Anyone who saw Kevin Nealon during his SNL days is probably familiar with his character, Mr. Subliminal. For those not in the know, the character was a bit one-note (as many SNL characters tend to be) but reasonably funny. Nealon would talk in an even, measured manner while dropping subtle ‘subliminal' messages into the normal flow of a conversation. While the bit hardly ever made me laugh out loud, it always brought a smile to my face. The same could be said for Nealon's stand-up act, covered here in Whelmed but not Overly. The cumulative effect is engaging in a low-key sort of way with a bit of subversive material scattered throughout. It isn't necessarily the sort of stand-up special you'll rave about to your friends the next day but it'll probably keep you entertained for an hour.
Calling Kevin Nealon genial is an understatement. He seems to always wear an easy smile and has the polished delivery of a Radio DJ. This natural conversational tone turns out to be a double-edged sword for Nealon. On the one hand, his seemingly friendly manner puts one in the right mindset for a night of comedy, an effect that a more abrasive comedian may work harder to achieve. On the other hand, his delivery can be so calming that it lulls you into a relaxed state which his punchlines are unable to cut through.
It doesn't help that not all of Nealon's material is equally sharp. There are some notable bits like an early story about going skiing that turns delightfully un-PC and a finale involving painful constipation, an enema and finding true love. Unfortunately, between these two points of his hour-long set, we have a whole lot of pleasantness crowding out a few choice nuggets. For every bit that lands (like the one liner "Never wear a red shirt to Target"), we have two that putter along before deciding that they have nowhere to go (like his confusion between eggnog and egg beaters or an endoscopy story that isn't as interesting as it could be).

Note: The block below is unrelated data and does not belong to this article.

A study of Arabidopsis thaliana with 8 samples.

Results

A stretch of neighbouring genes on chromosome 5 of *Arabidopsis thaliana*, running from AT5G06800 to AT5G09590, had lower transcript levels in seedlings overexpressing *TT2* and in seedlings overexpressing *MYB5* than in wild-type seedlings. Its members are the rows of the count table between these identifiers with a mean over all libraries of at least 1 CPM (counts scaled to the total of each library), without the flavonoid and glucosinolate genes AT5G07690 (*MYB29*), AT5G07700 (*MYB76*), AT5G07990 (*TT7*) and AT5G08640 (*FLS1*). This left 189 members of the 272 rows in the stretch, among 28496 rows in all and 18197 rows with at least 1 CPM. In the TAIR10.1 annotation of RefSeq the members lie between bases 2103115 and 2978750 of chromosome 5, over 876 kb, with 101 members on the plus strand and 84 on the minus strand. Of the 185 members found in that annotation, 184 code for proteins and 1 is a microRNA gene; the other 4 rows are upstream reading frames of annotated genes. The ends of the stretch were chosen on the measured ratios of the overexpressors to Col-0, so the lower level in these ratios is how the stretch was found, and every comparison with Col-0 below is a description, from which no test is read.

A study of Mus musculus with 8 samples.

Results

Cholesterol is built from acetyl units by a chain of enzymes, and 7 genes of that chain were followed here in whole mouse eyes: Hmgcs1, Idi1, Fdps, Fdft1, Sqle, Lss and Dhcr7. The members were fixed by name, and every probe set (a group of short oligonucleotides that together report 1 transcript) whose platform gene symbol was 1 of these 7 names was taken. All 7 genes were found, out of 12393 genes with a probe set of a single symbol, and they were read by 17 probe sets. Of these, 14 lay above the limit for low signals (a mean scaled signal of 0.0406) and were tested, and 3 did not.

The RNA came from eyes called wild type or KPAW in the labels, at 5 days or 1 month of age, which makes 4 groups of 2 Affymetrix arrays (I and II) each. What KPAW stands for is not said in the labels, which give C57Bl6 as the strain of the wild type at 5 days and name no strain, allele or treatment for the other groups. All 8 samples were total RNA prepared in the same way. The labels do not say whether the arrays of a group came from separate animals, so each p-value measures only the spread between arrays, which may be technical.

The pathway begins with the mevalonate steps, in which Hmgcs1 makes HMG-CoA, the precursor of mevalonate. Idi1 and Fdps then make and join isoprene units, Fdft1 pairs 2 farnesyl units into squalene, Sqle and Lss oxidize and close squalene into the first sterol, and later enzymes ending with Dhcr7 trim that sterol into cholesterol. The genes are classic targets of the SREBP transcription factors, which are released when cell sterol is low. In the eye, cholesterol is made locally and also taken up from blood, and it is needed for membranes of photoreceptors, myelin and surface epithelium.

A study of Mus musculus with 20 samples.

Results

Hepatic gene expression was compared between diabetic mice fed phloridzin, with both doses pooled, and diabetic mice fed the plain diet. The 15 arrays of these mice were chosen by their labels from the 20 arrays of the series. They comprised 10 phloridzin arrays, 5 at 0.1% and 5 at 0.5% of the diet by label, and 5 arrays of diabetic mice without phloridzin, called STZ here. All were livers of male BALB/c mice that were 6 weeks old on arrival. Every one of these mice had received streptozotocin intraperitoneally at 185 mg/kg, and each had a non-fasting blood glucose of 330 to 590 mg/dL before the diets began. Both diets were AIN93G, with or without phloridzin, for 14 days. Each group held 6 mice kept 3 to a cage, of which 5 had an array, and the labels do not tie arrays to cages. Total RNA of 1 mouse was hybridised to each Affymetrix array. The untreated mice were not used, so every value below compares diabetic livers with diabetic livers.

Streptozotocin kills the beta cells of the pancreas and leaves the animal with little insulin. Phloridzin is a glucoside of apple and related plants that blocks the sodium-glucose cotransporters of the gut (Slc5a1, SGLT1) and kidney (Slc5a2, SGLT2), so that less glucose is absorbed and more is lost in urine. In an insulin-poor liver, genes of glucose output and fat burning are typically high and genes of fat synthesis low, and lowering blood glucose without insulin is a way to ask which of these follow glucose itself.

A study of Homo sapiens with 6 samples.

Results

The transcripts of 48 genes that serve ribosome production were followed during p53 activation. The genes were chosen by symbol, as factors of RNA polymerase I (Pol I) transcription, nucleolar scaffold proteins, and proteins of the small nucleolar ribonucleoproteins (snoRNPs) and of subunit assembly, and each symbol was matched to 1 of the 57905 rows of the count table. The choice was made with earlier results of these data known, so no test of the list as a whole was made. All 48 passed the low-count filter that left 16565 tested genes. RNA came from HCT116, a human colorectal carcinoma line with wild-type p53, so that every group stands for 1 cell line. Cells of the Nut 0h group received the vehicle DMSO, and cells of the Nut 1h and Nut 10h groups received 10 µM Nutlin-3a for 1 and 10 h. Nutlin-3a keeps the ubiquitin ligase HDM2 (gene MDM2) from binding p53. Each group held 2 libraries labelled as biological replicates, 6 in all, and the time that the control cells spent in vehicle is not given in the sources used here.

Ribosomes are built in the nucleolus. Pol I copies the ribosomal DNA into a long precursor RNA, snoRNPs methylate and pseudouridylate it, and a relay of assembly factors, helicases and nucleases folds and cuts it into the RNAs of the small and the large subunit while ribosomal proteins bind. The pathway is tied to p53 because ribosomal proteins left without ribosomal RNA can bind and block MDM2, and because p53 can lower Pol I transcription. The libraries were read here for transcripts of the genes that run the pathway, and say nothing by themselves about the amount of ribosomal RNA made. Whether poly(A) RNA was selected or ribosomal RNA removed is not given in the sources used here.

The lack of connective tissue also hurts the show a bit. Disjointed funny bits can deliver a quick laugh but a planned attack that builds upon itself can keep me grinning for days. With that said, there are a few highlights that are definitely worth mentioning. There is a bit about tramp stamps turning into taint stamps that is raunchy without being outright vulgar (I don't believe Nealon ever utters an obscenity during the entire show). Another story about Nealon crop-dusting Jack Nicholson demonstrates that even when celebrities are involved, a fart joke can provide the perfect punchline.
Earlier, I called this special low-key and I honestly can't think of a better way to describe it. The parts that work are reasonably entertaining and the rest of it hardly ever frustrates. This is the comedy equivalent of a bowl of vanilla ice cream: tastes just fine if you're in the mood but hardly anything to get worked up about.